In most cases, when you sit down to watch a play, the production you see is the result of months of rehearsal, planning and preparation.
That won’t be the case this weekend when Durango Arts Center Theatre hosts its first “24hr. Theatre – The First Weekend Fling.”
What makes this production different than others is that the whole show is put together and performed in a span of 24 hours. Literally. From the time writers gather at the DAC at 8 p.m. Friday to the time the actors take the stage at 8 p.m. Saturday, that’s all the time allotted for the whole thing.
DAC Theatre Director Jason Lythgoe said he first learned about the idea of 24-hour theater about 20 years ago when he was involved in a theater company in California.
“Some friends of mine went up to San Francisco and saw something similar to it. And so they came back and said, ‘We are doing this thing.’ And we did it five times with that theater company and then a couple of times with another one,” he said. “I loved it so much back then that I was actually even able to do it in Colorado Springs – I was there about eight years ago as well, and so when I moved to Durango, it was, ‘OK, I need to get 24 in Durango. I need this project to happen somehow, some way.’”
It’s now that time, he said.
The project will begin at 8 p.m. Friday, when the participating writers will gather at the DAC theater – including a couple joining by Zoom. Once gathered, the writers will be given a set of prompts – Lythgoe said they each get the same line of dialogue to incorporate into a 10-minute play, a prop, a sound effect, a location and a character name. Then they’re set loose in the DAC to write, bounce ideas off each other and bond. And probably drink copious amounts of coffee to keep the ideas flowing.
“They write from about 8:30, 9 o’clock when we finish the intros and doling out all the stuff. Then they write until about 4 in the morning. They have to have the script turned in by 5 because we then print them,” he said. “Then at 7 o’clock, eight directors show up, get assigned their script, they read it a little bit and get some ideas, and at 8 o’clock actors show up, get assigned a director, and then they go rehearse all day. And then perform Saturday night at 8 o’clock. So from 8 o’clock start time we start that 24-hour countdown.”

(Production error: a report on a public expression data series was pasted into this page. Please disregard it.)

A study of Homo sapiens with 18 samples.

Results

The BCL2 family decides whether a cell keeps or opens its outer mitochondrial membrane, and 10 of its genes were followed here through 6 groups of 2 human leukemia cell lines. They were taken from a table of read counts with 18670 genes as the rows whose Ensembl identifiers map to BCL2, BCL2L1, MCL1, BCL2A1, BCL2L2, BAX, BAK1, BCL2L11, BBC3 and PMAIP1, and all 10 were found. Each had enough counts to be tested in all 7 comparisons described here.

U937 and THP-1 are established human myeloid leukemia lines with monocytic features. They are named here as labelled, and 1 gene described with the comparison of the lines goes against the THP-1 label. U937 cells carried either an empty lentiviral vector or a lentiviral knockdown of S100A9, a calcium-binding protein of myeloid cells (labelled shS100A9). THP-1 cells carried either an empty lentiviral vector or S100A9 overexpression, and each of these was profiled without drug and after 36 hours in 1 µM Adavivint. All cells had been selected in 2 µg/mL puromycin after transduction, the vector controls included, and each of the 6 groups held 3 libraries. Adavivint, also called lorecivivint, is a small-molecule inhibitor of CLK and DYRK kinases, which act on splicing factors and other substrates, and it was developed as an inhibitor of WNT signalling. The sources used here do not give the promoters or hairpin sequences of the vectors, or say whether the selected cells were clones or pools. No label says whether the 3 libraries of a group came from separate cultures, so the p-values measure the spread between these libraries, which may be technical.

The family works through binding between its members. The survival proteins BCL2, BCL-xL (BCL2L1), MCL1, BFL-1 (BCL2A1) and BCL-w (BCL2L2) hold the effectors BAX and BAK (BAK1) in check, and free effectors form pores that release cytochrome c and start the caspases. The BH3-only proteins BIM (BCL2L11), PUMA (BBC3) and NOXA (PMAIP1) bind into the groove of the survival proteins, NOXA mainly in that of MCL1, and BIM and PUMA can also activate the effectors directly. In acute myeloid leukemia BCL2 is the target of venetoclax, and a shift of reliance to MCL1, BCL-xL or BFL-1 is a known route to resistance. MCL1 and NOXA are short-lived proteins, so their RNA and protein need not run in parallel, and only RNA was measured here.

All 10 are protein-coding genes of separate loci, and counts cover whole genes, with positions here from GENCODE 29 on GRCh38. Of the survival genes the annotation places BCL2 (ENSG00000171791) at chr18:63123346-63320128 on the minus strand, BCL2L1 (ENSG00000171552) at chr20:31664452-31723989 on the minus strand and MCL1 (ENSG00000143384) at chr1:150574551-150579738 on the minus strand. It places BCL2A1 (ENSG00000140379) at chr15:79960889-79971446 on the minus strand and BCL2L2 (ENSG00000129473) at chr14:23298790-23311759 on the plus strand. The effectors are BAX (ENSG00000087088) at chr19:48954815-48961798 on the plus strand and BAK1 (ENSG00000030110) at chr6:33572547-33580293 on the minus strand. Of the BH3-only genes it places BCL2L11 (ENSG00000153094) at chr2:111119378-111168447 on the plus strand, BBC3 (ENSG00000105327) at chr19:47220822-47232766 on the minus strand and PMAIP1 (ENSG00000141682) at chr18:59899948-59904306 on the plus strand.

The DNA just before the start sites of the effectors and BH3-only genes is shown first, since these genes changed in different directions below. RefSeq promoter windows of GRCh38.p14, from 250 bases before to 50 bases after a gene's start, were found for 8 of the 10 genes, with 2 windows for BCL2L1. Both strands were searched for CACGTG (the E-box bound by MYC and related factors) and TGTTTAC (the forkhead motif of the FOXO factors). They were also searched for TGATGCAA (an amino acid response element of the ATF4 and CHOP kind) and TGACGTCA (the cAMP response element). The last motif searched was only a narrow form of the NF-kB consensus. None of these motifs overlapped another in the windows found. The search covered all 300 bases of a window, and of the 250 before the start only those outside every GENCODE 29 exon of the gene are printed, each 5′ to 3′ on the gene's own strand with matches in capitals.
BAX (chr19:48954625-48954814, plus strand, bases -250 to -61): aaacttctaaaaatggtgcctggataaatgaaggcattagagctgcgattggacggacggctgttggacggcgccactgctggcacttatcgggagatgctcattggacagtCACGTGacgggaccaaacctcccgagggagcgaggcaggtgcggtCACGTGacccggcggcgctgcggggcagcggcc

There will also be a matinee on Sunday afternoon to give the actors a second chance at the performance.
“It’s so much fun. And what’s great about it, too, is that we’ve got such a wide variety of not only the writers that are attached to it, which are amazing, but the actors – there are seasoned veterans and students,” Lythgoe said. “They can memorize if they want to, they can hold a script if they want to, and it’s really just this project to show an audience that we can create something that didn’t exist 24 hours ago and tell a story and actually tell eight stories.”
Lythgoe said that all of the participating actors are local and are made up of students, seasoned thespians and everyone in between. The directors are all local, as well, and have been involved in the local theater scene.
Then there are the writers, who are a mix of students and professionals – including Evanthia Bromiley, poet Suzanne Tyrpak, best-selling Durango author Blake Crouch (who will join in by Zoom with his wife and a couple of other writers) and award-winning writer and producer Michael Grais, who, among other projects, co-wrote “Poltergeist.”
“I’ve got this great range of student writers and Academy Award-winning screenwriter and all in between. And then the same thing with the actors and directors,” he said. “It’s this perfect community project where everyone can just come together and play without having a monthlong rehearsal commitment and three weekends of shows.”